In an effort to better understand academic integrity at the University of Minnesota, members of the University Senate are looking at ways colleges across the University system can prevent cheating.
Starting this fall, the Student Academic Integrity Committee will review how schools within the University handle cheating, plagiarism and other forms of scholastic misconduct. The efforts, launched at the committee’s meeting last week, could take several years to complete.
“[We’re] trying to find out what people are doing,” said Jeffrey Schott, a professor of chemical engineering and chair of the committee. “This is a longer term effort that we’re just beginning.”
Colleges have their own ways of handling matters of academic dishonesty, Schott said, which can result in significant differences at the University.
The committee will meet with various administrators to gauge the prevalence of incidents, the challenges schools face when upholding academic integrity and the resources needed to improve academic integrity.
Last year, there were 387 reports of scholastic dishonesty on the Twin Cities campus, according to data by the Office for Community Standards. The number of reports has remained fairly consistent over the past five years.
Scholastic dishonesty can include plagiarism on a paper, sharing answers on homework or cheating on an exam. Sanctions range from partial credit on an assignment to automatic failure of a course.
There are many “possibilities of dishonesty” for students, said John Hourdos, director of the Minnesota Traffic Observatory and member of SAIC, because academic programs have their own way of running classes, managing grading systems and administering tests.
As a result, professors often use different approaches to prevent cheating.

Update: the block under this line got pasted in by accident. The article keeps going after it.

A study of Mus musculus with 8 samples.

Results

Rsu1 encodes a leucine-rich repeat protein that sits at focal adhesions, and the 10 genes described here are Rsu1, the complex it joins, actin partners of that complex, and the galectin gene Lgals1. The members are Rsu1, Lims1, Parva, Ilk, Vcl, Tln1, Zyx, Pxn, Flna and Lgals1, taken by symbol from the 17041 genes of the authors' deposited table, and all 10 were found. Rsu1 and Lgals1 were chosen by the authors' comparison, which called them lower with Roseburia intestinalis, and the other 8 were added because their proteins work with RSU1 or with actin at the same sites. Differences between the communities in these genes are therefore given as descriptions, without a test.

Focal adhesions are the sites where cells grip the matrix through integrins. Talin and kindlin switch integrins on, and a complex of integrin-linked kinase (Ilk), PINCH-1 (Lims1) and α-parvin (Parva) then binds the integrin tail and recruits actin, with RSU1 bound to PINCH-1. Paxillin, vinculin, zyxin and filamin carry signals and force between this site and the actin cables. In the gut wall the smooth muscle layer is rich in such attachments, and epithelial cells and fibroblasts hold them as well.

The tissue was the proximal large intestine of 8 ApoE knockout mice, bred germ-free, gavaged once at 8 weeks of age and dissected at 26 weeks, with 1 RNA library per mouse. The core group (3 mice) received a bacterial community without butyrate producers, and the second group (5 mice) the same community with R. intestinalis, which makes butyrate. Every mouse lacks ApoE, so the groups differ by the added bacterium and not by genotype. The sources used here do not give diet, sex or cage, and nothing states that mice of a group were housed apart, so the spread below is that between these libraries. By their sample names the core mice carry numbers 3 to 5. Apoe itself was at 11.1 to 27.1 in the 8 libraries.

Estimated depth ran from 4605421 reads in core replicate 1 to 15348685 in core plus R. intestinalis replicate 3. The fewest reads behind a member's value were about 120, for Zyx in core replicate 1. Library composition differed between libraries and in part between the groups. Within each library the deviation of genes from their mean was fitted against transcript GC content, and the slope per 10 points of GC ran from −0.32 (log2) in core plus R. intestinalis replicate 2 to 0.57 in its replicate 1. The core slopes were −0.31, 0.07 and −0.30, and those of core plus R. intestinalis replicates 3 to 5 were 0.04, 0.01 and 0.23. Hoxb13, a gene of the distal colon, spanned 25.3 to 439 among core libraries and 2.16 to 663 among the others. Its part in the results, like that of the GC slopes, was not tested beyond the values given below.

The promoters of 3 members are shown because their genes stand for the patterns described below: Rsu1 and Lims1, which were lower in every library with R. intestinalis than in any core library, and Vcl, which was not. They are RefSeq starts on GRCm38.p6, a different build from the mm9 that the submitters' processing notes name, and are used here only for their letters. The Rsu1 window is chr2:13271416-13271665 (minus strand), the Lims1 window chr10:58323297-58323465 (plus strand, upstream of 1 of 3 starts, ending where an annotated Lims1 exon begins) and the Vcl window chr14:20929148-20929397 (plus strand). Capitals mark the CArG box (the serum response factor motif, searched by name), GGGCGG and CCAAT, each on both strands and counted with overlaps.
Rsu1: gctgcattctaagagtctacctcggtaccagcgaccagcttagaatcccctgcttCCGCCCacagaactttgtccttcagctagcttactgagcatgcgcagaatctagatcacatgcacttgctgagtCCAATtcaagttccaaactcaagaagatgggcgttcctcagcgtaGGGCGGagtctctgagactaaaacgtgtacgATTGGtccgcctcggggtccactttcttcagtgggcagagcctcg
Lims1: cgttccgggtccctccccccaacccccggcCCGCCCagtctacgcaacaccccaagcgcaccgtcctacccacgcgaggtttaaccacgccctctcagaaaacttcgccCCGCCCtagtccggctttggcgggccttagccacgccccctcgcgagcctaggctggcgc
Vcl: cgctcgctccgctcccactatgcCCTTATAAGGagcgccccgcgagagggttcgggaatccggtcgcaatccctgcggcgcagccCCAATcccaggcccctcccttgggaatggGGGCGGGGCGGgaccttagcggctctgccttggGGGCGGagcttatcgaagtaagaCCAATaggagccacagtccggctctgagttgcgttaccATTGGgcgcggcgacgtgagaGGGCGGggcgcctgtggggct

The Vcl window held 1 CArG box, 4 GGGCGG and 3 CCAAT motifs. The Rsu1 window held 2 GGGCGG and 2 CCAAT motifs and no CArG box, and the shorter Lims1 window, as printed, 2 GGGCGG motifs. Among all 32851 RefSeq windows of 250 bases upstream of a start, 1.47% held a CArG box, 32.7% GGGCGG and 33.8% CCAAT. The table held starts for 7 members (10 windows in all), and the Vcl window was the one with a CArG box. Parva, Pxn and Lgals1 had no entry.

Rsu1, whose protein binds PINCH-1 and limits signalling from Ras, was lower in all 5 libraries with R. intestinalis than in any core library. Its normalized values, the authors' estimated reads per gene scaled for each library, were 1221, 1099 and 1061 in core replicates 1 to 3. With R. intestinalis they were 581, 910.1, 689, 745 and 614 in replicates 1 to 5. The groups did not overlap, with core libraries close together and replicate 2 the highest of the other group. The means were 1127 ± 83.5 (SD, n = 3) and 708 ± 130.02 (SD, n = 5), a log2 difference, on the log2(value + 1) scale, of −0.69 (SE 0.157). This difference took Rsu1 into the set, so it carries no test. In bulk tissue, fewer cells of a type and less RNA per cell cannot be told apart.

Christopher Douglas, a professor in the College of Science and Engineering, teaches organic chemistry, a class with several hundred students.
A few years ago, Douglas caught a student attempting to hire someone else to take a test. Douglas now requires students show their U Card or photo ID when turning in exams.
Because grades are curved, Douglas said, cheating affects the entire class.
“It’s something that we take seriously and we are looking out for,” Douglas said. “[Students] are not just cheating themselves, they’re cheating their classmates as well.”
Liza Meredith, who teaches Psychology 1001 in the College of Liberal Arts, said cheating is a “mild problem” in her class.
“It’s not overly severe because of the steps we’ve taken to try and make it more difficult to cheat,” Meredith said.
Exams in the course are randomized, Meredith said, helping to ensure students sitting next to one another don’t get the same questions on the same test.
For essays, topics are changed every year and instructors use the Turnitin software, which compares papers to other published work and checks for plagiarism, she said.
To prevent misconduct, the Office for Community Standards encourages instructors to routinely change tests, provide expectations for group work and discuss the importance of academic integrity with students, among other practices.
But members of SAIC say there’s not much known about the best practices to prevent cheating — something the review aims to determine.
The review is the first time the committee has taken on such an effort, Schott said. He sees the committee’s review as an opportunity to evaluate what’s working and what’s not.
“Our hope is we can find some people that have systems that work well for them,” he said, “From this we can distill some best practices to suggest to other folks.”
Part of the process is simply trying to gather information from across the University in one place. Schott said he doesn’t know what the committee will find.
“We’re not even sure what we’re going to end up with,” Schott said. “It’s a big place.”